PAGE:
Jumpstarting sustainability — without big ideas, money or executive support

boat on dry land, corporate sustainability without resources

At companies such as Ben & Jerry’s, Starbucks and Patagonia, top executives seem fully committed to managing their companies’ environmental impacts.

Meanwhile, your company might be only minimally engaged on sustainability issues (if at all), and executives might not view sustainability as a value-add essential to achieving business goals or mitigating operational risks.

At your company, no one is tasked with focusing on sustainability issues, and your job description and department budget do not cover environmental management. You want to make a difference, but think you cannot get anything done.

You are wrong. You do not need big ideas, money or executive support to be a successful change agent. Let’s address each supposed limitation, one by one:

1. Big ideas

First things first: there is no requirement for you or your company to “change the world.”

Even though some other companies achieve big milestones through tracking and dramatically reducing carbon emissions, water use, waste, etc., small-scale initiatives can be very worthwhile.

To get started, assess all of the various functional areas of your company (at a high level) and research best practices to create a list of possible opportunities for sustainability improvements. Do not spend too much time on this list; it is only a starting point.

Next, start talking with people at the company about environmental stewardship and your list of sustainability initiatives. It’s critical to listen to their ideas, because this is where the magic happens.

When I served on the Environmental Commission of Highland Park, Illinois, I lobbied at a grassroots level for individual school green teams, which would work to green schools through recycling programs and other initiatives. I never could have imagined that one school, Highland Park High School, would have created a butterfly sanctuary or a biodiesel lab. These ideas, and the successes, belonged 100 percent to the students and faculty on the new school green team.

2. Big money

You also don't need a big budget, or any budget, to start a company dialogue on the importance of environmental stewardship. Of course, many initiatives require capital, but others do not.

When I worked as vice president and associate general counsel of Williams-Sonoma, I did not have any budget for sustainability work. Nevertheless, I created slogans and a logo, and helped employees across the company take “small green steps” to “green our home” and “help our business by helping the environment.”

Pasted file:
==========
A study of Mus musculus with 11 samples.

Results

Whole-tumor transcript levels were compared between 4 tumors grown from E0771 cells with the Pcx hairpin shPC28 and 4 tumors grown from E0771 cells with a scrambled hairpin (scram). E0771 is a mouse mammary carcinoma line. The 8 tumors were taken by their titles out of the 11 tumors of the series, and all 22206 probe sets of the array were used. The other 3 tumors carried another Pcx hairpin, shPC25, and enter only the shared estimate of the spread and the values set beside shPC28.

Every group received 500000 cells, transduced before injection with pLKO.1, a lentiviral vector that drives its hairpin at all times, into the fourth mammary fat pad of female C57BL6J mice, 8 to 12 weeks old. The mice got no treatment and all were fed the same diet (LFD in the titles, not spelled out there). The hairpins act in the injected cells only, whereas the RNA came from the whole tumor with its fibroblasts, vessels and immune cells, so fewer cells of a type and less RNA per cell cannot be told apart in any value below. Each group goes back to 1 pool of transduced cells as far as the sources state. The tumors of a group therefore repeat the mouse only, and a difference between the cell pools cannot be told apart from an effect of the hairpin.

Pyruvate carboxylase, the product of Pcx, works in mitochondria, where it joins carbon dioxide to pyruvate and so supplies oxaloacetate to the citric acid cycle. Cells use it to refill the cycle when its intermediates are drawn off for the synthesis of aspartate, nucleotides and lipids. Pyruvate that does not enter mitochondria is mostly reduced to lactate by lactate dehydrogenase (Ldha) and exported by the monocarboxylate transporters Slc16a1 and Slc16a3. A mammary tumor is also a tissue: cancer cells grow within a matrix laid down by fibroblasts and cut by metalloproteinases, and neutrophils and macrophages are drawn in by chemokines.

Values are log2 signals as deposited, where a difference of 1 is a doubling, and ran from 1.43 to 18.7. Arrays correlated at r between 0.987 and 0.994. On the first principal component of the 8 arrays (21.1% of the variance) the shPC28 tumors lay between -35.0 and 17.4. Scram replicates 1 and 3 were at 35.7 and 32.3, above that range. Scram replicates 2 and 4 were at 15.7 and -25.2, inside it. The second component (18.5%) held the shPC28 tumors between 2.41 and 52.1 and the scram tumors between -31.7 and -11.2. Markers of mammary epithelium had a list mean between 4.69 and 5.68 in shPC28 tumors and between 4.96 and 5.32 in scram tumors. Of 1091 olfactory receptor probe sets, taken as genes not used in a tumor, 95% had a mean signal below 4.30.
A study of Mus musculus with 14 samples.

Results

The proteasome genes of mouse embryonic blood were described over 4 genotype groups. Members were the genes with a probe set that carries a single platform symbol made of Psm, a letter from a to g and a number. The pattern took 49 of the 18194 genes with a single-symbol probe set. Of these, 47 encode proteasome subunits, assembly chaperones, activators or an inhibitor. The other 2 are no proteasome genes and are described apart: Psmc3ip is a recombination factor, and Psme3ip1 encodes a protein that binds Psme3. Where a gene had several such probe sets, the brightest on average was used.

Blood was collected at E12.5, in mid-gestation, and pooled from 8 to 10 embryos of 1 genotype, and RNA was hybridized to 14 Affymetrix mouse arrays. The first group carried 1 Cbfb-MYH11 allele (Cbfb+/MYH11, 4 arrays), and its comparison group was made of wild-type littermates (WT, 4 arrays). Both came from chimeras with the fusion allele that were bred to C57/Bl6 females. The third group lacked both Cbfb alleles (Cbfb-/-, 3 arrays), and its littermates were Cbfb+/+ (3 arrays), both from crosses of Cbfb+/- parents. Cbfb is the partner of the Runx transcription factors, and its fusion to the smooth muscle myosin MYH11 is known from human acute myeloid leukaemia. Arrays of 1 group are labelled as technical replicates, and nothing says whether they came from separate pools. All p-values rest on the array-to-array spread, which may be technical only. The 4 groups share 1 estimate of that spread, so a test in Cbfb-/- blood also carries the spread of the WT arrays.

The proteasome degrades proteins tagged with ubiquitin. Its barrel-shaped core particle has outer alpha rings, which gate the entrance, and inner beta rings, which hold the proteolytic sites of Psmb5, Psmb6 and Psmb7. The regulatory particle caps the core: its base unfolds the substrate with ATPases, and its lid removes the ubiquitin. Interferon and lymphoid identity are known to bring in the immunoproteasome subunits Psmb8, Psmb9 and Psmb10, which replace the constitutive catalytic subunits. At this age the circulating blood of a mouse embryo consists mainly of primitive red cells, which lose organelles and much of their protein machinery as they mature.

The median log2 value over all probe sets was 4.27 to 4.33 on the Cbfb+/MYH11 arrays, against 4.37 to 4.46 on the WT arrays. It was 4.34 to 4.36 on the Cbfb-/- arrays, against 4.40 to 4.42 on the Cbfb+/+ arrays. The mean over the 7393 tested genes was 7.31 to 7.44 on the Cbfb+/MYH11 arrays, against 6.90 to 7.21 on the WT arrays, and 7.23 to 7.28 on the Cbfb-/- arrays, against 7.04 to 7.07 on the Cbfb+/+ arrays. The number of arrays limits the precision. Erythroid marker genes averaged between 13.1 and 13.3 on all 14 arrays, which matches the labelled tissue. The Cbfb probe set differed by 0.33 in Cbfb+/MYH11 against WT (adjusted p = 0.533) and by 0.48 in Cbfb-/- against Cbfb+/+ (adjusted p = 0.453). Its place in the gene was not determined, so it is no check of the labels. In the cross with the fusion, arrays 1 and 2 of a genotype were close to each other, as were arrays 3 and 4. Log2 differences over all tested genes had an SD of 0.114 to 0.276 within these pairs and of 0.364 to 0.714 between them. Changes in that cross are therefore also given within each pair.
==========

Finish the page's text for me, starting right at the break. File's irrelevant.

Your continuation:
The small steps were noticeable and meaningful on many levels. For example, I helped launch a composting program for the corporate cafeteria, which resulted in a net savings on waste disposal fees. I also convinced the cafeteria manager to offer a small discount to coffee customers who brought in their own mugs.

Other small steps included greening the specifications for store builds; working with other retailers and transport companies to reduce environmental impacts of freight transport; and reducing packaging materials on catalog orders.

Keep in mind that all of these successes were achieved without expensive carbon footprints, performance metrics or expert consultants.

3. Big executive support

Having executive support is very helpful — but not essential — to your work as a change agent.

Look for people who share your passion for environmental stewardship. Having champions in the business units is key. They are the ones who get things done, and they become the ambassadors for inspiring and recruiting more champions and for publicizing successes.

Although any individual success might be small, it becomes a story that is sharable and a source of pride, especially when coupled with other successes.

The grassroots work also becomes the basis for conversations with company executives. You can use the successes to help prove the business case for a company-wide commitment to environmental stewardship.

The small, zero-budget initiatives that you started with might then become part of a much larger program and commitment with dramatic successes. But even if they do not, the small successes matter and make a difference. Your efforts are never wasted.